Ganglion Impar Block

Dimitris Papadopoulos MD Fellow Of Interventional Pain Practice (FIPP)

Updated 26 January, 2011


Ganglion IMPAR block is used to treat perineal pain and coccygodynia (coccygeal pain). Perineal pain is a neuropathic type of pain often accompanied with a heat sensation in the perineum and urinary urgency. Once an expert urologist excludes other pain causes (urinary infection, sexually transmitted diseases, chronic prostatitis, malignant conditions etc), the patient is a potential candidate for Ganglion IMPAR block. Due to the sympathetic fibres ending to the ganglion IMPAR, its blockade may resolve the problem of perineal hyperhidrosis.


Ganglion IMPAR is the last ganglion of the two chains of the sympathetic system coursing bilateral to the spine. It is located in front of the sarococcygeal joint, retroperitoneally. However, Oh et al have found that the position, shape and size of the ganglion Impar varies from person to person. This anatomic variability observed could be the cause of a potential block failure.

Ganglion IMPAR receives afferent sensory fibres transmitting pain signals from the perineum, urethra, vulva, lateral third of vagina, anus, distal rectal segment and coccyx. So, blocking this specific ganglion can relieve pain originating from the above areas. Due to the sympathetic fibres ending to the ganglion IMPAR, its blockade  may resolve the problem of perineal hyperhidrosis.  The postganglionic nerve fibres of the ganglion are connected bilaterally with the sacral and coccygeal nerves through rami communicans of the sympathetic chain.


Perineal pain that originates from:
•    perineum
•    distal rectal segment
•    anus
•    distal urethral segment
•    vulva
•    lateral third of vagina

Perineal pain secondarily due to:

•    cancer metastases to perineum
•    post-herpetic neuralgia in sacrum
•    vaginal prolapse
•    testicle cauterization


There are various ways of approaching the ganglion under fluoroscopic guidance (proximally through the sacrococcygeal ligament, through the sacrococcygeal joint, with paramedian approach and with different needles).  The patient is placed in the prone position with a pillow under the pelvis to reduce the normal lumbar lordosis of the spine. Under local anaesthesia and fluoroscopic guidance, a needle is advanced to the proper point in front of the coccyx and its position is confirmed with infusion of contrast medium. After identifying the proper needle site, a drug solution is administered for diagnostic or therapeutic reasons. Following the same technique, radiofrequency can also be applied to the ganglion to fully deactivate it after first having performed a diagnostic block with local anaesthetic to confirm the patient’s pain relief. Radiofrequency therapy prolongs the therapeutic effect for a long period of time. Alternatively, the neurolysis of the ganglion can  be conducted by injecting a small quantity of alcohol that ablates the ganglion; its diffusion, however,  is uneven and special caution is needed so as not to harm the neighbouring tissues. On the contrary, neurolysis with the use of radiofrequency is absolutely targeted.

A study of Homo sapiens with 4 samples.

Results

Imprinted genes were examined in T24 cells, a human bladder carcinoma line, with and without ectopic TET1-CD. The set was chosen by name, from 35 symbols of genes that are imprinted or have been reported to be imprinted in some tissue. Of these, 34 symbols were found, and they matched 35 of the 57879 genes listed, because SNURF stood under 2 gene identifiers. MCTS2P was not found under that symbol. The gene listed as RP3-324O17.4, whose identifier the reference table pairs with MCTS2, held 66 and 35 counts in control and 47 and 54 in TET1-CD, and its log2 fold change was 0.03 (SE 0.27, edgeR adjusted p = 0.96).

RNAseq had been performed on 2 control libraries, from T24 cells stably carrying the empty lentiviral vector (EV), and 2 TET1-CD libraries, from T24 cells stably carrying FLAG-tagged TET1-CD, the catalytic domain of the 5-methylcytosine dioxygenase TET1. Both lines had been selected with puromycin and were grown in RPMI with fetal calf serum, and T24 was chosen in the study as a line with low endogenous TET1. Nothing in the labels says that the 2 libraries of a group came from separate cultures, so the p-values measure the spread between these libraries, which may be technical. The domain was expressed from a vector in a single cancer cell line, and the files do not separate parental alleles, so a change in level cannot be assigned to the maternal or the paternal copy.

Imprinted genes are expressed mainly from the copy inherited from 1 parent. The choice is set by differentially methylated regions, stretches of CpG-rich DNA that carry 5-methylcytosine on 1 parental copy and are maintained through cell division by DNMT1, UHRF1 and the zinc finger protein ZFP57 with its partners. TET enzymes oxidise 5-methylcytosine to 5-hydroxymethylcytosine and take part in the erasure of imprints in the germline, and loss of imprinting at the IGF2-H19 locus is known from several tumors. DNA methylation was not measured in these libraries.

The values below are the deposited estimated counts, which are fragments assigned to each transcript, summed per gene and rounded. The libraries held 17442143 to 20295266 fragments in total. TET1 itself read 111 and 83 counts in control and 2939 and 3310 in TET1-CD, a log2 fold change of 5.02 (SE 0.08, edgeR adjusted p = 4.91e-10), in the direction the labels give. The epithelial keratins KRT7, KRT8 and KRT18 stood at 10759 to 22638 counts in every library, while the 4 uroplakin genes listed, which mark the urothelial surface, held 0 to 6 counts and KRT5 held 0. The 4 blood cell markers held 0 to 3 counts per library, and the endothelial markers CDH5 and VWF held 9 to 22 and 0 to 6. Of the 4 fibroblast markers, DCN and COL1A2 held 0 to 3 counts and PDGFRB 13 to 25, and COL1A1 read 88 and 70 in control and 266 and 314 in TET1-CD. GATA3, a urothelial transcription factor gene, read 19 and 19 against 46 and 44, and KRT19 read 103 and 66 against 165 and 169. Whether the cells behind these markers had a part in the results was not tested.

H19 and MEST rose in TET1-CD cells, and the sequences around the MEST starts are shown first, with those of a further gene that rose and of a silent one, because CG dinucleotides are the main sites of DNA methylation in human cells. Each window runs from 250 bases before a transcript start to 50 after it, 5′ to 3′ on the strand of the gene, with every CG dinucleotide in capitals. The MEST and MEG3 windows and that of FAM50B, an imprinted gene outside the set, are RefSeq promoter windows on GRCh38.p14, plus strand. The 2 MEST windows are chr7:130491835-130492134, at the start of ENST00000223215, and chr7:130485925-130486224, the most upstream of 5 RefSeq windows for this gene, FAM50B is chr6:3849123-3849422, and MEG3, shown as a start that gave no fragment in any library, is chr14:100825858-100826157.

Ganglion IMPAR block is a minimally invasive technique that can cure chronic neuropathic perineal and coccygeal pain. It should always be tried before the patient undergoes other more invasive techniques or before resorting to drastic drugs with numerous side-effects.


No serious complications have been reported from applying this technique. The most common adverse event is block failure due to anatomic variability. In this case, there has to be a second attempt following a different approach technique.


A number of observation studies have shown that the technique was effective in approximately 65-70% of patients with pain of benign or malignant aetiology to whom the ganglion Impar block was applied. The duration of the result varies from some weeks to even a few years and is not predictable. Radiofrequency neurolysis offers longer duration of analgesia compared to blockade with local anaesthesia. Due to the very few adverse events, blockade and neurolysis can be repeated as many times as necessary if they give satisfactory results which do not, however,  last long.